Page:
When news broke this week that U.S. intelligence agencies had briefed President Barack Obama and President-elect Donald Trump on a two-page report summarizing unsubstantiated claims that Russia had collected damaging material about Trump, the CNN story had immediate reverberations throughout the U.S. government and media. It also likely introduced a new word into many American observers’ vocabularies: kompromat.
“No, the Kremlin does not have ‘kompromat’ on Trump,” Dmitry Peskov, spokesman for Russian President Vladimir Putin, told CNN, dismissing the claims as an “attempt to harm our bilateral relationship.”
But what exactly is kompromat?
The word is essentially a Russian term for dirt that can be gathered to discredit a person, especially the kind of dirt that someone’s boss or wife would not be happy to know. Often, that information is sexual in nature. Kompromat is a portmanteau of the words for “compromising” and “material,” as well as a double entendre relying on the fact that “mat” is not only an abbreviation for the word materialy, meaning materials, but also a Russian word for profanity, according to How Russia Really Works: The Informal Practices That Shaped Post-Soviet Politics and Business. The book—which contains a helpful chart of four main types of kompromat: political, economic, criminal and private—traces the term’s origins to 1930s secret-police jargon.
Though it may have been introduced before World War II, kompromat continued to play a role in world affairs during the Cold War. William Luers, the former ambassador to Czechoslovakia and Venezuela and Deputy Assistant Secretary of State for Europe and for Inter-American Affairs, tells TIME that he assumed that he was being watched all of the time when he was a foreign service officer in Russia in the 1960s. “What they would do, I’m sure, is listen to my wife and me to find out if we had any problems financially, was I given to promiscuity, and just listen to our apartment and wherever I was,” he says. As he points out, the goal of anyone doing such listening wouldn’t necessarily be to find out any state secrets, but rather to find out whether a person had “vulnerabilities” that could be exploited. (This worked both ways: While the word kompromat may be Russian, Luers points out that intelligence agencies elsewhere have used similar techniques.)
Diplomats heard stories of their comrades encountering traps to generate kompromat when none was naturally available, Luers recalls. For example, he says that he knew of diplomats traveling in the USSR who, having presumably been given drugs to knock them out, were approached by people who had pictures of them in bed with women the night before—experiences of which they had no recollection. In some cases, these agents reported the incident and the pictures were withdrawn, if they were lucky, Luers says.
One famous victim of kompromat is believed to be Felix Bloch, an American diplomat in Vienna, who was involved in what TIME called “the most serious State Department espionage scandal since the Alger Hiss affair.”
Bloch, who was never prosecuted but was fired in 1990, was suspected of giving information to the Soviets. The diplomat’s sexual activities may have been the window that opened him up to involvement in the scandal, argues Frederick P. Hitz, a former inspector general of the CIA and 30-year veteran of the agency, in The Great Game: The Myths and Reality of Espionage, by creating a “vulnerability” that could have been “exploited for espionage purposes.”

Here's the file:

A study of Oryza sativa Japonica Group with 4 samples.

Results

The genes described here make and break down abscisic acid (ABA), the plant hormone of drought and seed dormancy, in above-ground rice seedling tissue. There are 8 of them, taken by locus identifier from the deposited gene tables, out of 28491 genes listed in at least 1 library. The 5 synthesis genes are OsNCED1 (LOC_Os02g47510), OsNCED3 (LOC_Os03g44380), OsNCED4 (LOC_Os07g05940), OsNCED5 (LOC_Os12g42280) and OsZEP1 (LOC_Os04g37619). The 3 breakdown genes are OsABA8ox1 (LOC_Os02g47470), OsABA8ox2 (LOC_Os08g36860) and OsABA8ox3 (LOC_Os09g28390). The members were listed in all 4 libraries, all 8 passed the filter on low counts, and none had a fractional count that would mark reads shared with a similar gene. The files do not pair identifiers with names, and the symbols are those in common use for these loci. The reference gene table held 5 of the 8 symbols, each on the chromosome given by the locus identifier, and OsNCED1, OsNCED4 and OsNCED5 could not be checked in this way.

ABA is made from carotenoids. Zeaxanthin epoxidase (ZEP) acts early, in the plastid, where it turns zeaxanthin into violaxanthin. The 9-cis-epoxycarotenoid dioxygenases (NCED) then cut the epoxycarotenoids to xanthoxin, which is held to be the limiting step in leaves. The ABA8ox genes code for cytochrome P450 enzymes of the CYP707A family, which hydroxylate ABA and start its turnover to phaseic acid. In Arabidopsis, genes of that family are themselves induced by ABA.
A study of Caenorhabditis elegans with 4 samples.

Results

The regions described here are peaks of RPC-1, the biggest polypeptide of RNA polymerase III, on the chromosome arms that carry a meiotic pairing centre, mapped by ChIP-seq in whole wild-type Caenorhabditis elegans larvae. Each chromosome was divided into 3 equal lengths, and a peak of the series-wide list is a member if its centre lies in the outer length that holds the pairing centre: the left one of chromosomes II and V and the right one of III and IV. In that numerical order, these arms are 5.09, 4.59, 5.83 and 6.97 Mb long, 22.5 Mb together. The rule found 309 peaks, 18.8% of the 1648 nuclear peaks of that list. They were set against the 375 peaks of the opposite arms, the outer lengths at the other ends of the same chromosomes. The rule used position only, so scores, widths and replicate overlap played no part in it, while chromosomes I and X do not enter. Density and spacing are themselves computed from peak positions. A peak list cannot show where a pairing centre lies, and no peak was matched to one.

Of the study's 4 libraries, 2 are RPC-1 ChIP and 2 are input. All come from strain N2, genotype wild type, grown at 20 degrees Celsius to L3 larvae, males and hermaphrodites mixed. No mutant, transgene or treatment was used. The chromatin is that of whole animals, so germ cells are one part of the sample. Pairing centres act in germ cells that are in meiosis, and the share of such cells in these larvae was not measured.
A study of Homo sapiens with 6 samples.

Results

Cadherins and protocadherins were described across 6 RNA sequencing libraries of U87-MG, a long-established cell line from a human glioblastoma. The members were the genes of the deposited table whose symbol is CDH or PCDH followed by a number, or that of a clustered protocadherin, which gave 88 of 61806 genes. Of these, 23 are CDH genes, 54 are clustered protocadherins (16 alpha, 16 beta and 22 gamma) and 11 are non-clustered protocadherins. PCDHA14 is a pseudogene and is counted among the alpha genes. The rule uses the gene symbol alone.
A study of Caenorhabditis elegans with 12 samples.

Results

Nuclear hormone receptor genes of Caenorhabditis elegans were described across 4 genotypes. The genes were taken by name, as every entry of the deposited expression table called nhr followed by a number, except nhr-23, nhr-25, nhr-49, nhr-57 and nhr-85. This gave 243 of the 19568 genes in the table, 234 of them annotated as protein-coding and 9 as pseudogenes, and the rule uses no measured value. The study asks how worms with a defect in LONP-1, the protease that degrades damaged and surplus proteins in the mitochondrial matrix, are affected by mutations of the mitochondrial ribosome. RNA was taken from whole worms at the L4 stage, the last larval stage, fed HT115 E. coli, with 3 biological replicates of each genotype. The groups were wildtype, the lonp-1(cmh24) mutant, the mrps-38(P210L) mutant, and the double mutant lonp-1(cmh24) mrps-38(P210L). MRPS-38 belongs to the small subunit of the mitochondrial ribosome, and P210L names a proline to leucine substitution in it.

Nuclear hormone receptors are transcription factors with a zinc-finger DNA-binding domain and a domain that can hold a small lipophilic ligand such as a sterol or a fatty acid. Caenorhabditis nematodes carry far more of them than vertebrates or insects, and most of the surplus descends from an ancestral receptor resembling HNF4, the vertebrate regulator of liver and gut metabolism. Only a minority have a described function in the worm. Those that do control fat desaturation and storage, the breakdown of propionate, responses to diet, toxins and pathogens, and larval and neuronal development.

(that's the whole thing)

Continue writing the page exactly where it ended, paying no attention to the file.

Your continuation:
And, though espionage of that sort may be popularly associated with the Cold War era, experts say that the fall of the Soviet Union in fact led to a boom in the use of kompromat.
The use of the term flourished in the 1990s “when press became freer and people started to unload all sorts of information through the press,” says Simon Saradzhyan, a former editor at The Moscow Times and the founding director of the Russia Matters Project at Harvard Kennedy School’s Belfer Center for Science and International Affairs. “The legal system was still developing, so you could sue for libel, but you couldn’t count on obtaining any compensation or fine that would deter the distributor of information from further transgressions.”
The opening up that happened after the fall of the Soviet Union also meant that older material could be turned into kompromat too. “Most of the communist, socialist countries had a lot of information about people, and they could use that information to blackmail them if they wanted to,” says Olga Oliker, senior Adviser and Director, Russia and Eurasia Program at the Center for Strategic and International Studies. “After the Soviet Union collapses, that info is around in various archives, but there are people who are looking to make a buck and might be interested in selling it or blackmailing people for the money.”
One person associated with that period’s political use of compromising material about opponents is Vladimir Putin himself, as TIME reported last year in a cover story about Russia:
As Russia settled into its post-Soviet world, eventually the kompromat boom of the 1990s came to an end, says Saradzhyan. “As the media system became more and more controlled by the state again, and as the court started to function more effectively when it came to considering libel cases,” he says. “I saw a decrease in the use of kompromat.”
However, recent changes in technology may be countering those forces, as kompromat has gotten easier to collect and distribute.
“It’s not that we didn’t have the need [to conduct surveillance] before, but we didn’t have the means to do it all,” Alexei Filatov, a retired lieutenant colonel of the Russian state security organization FSB, told TIME in 2012.
As TIME put it in that same feature, surveillance has never stopped being a way of life in Russia, “like heavy snow and heavier traffic.”